3 Things Every Pastor Must Do
James MacDonald more from this author »
Well, another former colleague, a pastor I have known for 20 years, was fired recently. I wish I could tell a tale of harsh elders or demanding congregants, but based upon first-hand accounts, he hung himself. Not literally, but literally figuratively. As I often say, the crises of life are a way of revealing something that has been happening for a long time. The details are not important, and I don’t want to betray his identity to him or those in the pulpit/church he has now left without a Senior Pastor. Let’s focus on the principles. In my experience, if a pastor does these three things faithfully, he will have the support of the vast majority of his people in almost any church anywhere.
1) Feed the People:
Jesus was fairly explicit about this in the closing sentences of John’s gospel. Feed my sheep, feed my sheep, feed my sheep. If he only said it twice, we might have wiggle room, but the three-peat kind of negates any plans to say “we didn’t know it mattered.” What are you feeding the sheep? Of course the entire circus of felt-need, therapeutic preaching is like pita bread at a Super Bowl party, but beyond the obvious, what really does feed sheep? Scripture, and only Scripture, feeds the sheep, but even among those who claim biblical fidelity and "preach the Word" as appropriate descriptors of their pulpit ministry—are your sheep really fed? Reading a text and then waxing eloquent about its theme does not feed sheep. Raising a contemporary subject of interest to the masses and unfolding it with biblical "post it notes" at every turn does not feed sheep. Simply explaining the meaning of a text in a formulaic, classroom kind of "what it says, what it means" detachment definitely does not feed sheep. In my experience, the best feeding which produces the most satisfied sheep comes from a message formed in, saturated with, and continually connected to an extended portion of a single passage of God’s Word. Where the main point comes from a paragraph and the supporting points come from its verses, and the content of those points is the content of the individual verses. Like this: Audio / Video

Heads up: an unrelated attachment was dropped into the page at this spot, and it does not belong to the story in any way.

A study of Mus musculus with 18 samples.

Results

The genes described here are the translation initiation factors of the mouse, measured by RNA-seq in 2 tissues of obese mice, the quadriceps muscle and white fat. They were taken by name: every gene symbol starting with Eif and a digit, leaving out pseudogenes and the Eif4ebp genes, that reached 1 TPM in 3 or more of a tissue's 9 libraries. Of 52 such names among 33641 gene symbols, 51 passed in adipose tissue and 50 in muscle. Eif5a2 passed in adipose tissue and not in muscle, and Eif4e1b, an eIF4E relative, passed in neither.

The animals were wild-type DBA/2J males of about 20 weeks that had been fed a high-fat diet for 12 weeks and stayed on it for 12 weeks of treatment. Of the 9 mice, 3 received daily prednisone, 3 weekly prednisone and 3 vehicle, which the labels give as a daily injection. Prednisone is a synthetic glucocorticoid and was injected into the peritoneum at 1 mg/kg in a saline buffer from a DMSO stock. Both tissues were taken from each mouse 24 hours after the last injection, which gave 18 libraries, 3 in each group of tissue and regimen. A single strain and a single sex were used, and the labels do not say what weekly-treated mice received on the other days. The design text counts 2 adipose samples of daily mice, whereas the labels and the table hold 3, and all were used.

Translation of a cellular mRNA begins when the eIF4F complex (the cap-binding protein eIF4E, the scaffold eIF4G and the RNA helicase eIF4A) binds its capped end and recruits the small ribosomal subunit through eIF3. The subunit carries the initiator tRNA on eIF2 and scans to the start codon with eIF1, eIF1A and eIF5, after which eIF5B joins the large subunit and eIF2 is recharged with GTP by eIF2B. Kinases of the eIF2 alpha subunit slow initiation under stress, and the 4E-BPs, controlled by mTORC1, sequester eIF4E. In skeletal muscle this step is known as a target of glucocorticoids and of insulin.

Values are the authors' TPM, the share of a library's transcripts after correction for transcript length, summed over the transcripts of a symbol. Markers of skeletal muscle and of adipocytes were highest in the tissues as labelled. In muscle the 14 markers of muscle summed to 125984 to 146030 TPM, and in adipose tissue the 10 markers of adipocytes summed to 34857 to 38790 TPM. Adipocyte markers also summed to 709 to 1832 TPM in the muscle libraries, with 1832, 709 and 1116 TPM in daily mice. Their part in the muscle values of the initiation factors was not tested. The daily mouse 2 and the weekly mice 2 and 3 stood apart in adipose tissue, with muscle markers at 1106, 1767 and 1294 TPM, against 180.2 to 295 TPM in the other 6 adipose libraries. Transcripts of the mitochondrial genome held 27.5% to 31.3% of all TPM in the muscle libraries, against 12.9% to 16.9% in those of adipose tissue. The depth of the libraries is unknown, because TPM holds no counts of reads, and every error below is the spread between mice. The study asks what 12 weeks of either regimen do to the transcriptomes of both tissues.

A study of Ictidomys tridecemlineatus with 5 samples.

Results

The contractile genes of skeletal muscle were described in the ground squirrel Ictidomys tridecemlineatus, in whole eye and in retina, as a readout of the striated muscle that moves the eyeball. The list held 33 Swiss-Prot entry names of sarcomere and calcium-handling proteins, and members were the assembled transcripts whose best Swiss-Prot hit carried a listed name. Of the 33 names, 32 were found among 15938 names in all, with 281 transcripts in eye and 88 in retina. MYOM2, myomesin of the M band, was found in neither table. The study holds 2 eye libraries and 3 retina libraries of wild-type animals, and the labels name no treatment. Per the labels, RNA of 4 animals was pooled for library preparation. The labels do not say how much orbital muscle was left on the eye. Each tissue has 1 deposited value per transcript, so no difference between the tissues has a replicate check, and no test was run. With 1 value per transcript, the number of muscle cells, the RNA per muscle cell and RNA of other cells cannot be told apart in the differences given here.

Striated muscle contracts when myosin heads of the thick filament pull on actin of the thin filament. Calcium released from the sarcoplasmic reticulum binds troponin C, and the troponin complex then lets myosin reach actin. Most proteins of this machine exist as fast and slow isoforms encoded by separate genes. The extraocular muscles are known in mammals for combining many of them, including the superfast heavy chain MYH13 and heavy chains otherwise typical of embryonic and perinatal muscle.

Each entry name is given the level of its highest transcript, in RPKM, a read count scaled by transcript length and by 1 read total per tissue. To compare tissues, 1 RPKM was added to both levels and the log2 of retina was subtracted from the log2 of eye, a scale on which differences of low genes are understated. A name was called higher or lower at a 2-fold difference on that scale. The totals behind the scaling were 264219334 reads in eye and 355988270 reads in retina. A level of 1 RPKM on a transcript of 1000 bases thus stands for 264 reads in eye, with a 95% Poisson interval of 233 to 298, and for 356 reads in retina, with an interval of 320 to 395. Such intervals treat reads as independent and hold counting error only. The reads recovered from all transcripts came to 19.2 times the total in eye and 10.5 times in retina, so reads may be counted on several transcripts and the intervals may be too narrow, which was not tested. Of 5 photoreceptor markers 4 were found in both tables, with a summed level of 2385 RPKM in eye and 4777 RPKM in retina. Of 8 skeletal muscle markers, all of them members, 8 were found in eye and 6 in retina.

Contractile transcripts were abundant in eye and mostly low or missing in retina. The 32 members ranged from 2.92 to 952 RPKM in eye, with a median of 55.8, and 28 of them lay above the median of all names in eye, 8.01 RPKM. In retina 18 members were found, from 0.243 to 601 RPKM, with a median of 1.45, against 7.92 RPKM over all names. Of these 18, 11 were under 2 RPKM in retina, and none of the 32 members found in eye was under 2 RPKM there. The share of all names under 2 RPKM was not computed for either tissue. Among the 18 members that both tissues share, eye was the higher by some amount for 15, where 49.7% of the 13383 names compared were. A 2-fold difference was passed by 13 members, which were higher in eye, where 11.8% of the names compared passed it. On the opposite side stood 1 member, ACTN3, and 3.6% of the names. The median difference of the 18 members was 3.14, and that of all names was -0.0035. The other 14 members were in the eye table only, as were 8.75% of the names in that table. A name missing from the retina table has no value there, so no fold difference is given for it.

2) Love the People:
The guy who got canned was actually pretty strong in this category. The Bible says that love covers, and that certainly applies to the way a congregation views the faults of their pastor. If he loves them and takes the time and energy to make that affection obvious, it goes a long way in motivating them to love and look beyond his shortcomings. I am amazed at the number of well-known ministers today who give no obvious signs that they truly love the people they serve. They don’t comfort in a crisis; others do that. They don’t meet personally even with leaders in the church; "we have staff to handle that." They don’t express love from the pulpit or exhibit love in the lobby. If the your sheep had to prove that their shepherd loved them, would they have experience with you to produce as evidence? In a larger church, the pastoral care they experience from you may not be actual, but perceived pastoral care matters, too. What do your people believe would be their personal experience with you based upon their observation of your conduct? Bottom line: this is something you can’t fake. Regardless of the size of your congregation, if you are there for people in "prime time" and do what you can to express love and support for those you lead, they will know that you love them, and that will cover a multitude of sins.
3) Admit When You Are Wrong:
This is where most pastors go down, and this was the demise of the man whose firing prompted this writing. Pastors can believe grace, exegete grace, and preach grace with little sense of their own need for it. Pastors are frequently wrong. Our opinion is flawed, our conduct is imperfect, our leadership is lacking, and even our best intentions can come up short. Where a pastor believes that admission of error is a diminishment of his capacity to lead, the clock is winding down upon his demise. In a board meeting, at the front of the church, in correspondence, and in personal interaction, the pastor must continuously reach for the mea culpa. Failure to do so elevates self, undermines credibility, and isolates dissenters. Simply admit it when you are wrong. If you can’t see it, accept it by faith, and you will lengthen your tenure with any even mildly mature gathering of God’s people.
Just those three things—do them consistently, and you will do better as a pastor and last longer in any church for the glory of God’s great Son.